Differential Efficacy of 2 Vibrating Orthodontic Devices to Alter the Cellular Response in Osteoblasts, Fibroblasts, and Osteoclasts.

Department of Orthopaedic Surgery, Columbia University, NY, USA.


Modalities that increase the rate of tooth movement have received considerable attention, but direct comparisons between devices are rare. Here, we contrasted 2 mechanical vibratory devices designed to directly transfer vibrations into alveolar bone as a means to influence bone remodeling. To this end, 3 cells types intimately involved in modulating tooth movements-osteoblasts, periodontal ligament fibroblasts, and osteoclasts-were subjected to in vitro vibrations at bout durations prescribed by the manufacturers. As quantified by an accelerometer, vibration frequency and peak accelerations were 400% and 70% greater in the VPro5 (Propel Orthodontics) than in the AcceleDent (OrthoAccel Technologies) device. Both devices caused increased cell proliferation and gene expression in osteoblasts and fibroblasts, but the response to VPro5 treatment was greater than for the AcceleDent. In contrast, the ability to increase osteoclast activity was device independent. These data present an important first step in determining how specific cell types important for facilitating tooth movement respond to different vibration profiles. The device that engendered a higher vibration frequency and larger acceleration (VPro5) was superior in stimulating osteoblast and fibroblast cell proliferation/gene expression, although the duration of each treatment bout was 75% shorter than for the AcceleDent.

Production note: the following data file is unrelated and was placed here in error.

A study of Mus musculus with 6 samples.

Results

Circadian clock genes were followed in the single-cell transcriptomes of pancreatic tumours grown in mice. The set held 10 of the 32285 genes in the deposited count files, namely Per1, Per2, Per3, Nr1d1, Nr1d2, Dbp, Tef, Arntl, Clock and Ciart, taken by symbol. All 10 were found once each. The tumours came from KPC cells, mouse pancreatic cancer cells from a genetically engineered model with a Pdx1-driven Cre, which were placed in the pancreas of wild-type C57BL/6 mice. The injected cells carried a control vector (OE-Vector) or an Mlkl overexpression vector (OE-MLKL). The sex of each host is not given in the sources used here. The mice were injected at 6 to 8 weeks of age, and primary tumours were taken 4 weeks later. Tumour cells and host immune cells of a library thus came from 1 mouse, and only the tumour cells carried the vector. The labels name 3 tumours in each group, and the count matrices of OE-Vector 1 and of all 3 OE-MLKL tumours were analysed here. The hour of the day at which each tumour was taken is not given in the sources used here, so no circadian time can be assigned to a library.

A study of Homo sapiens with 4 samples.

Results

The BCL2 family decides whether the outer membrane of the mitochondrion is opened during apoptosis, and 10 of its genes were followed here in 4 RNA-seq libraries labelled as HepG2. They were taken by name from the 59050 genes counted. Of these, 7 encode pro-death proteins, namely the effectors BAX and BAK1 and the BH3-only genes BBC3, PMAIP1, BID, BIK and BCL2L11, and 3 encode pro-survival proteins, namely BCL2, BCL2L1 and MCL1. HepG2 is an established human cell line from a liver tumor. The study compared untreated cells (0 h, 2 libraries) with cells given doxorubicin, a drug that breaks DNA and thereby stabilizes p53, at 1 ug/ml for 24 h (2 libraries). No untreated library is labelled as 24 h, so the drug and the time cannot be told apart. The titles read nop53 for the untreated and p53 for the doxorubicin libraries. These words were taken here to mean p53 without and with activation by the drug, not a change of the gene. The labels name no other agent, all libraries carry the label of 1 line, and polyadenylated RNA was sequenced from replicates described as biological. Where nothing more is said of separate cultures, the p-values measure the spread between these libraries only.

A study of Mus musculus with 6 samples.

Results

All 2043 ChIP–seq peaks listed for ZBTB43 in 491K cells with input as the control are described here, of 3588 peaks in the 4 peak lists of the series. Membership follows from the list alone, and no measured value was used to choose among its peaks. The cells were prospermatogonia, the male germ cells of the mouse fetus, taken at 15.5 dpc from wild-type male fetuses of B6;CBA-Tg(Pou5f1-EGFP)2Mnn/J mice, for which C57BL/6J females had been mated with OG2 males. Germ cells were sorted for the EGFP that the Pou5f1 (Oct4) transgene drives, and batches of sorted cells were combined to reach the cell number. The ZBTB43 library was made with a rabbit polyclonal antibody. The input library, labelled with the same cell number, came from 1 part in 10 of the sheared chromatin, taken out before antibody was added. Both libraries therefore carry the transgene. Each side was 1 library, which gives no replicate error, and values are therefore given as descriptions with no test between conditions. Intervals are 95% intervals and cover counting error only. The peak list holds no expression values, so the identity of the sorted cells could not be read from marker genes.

cellular response; fibroblasts; osteoblasts; osteoclasts; tooth movement; vibrations

Conflict of interest statement

Declaration of Conflicting Interests: The author(s) declared the following potential conflicts of interest with respect to the research, authorship, and/or publication of this article: Professor Judex holds (provisional) patents on the effect of vibrations in biologic systems.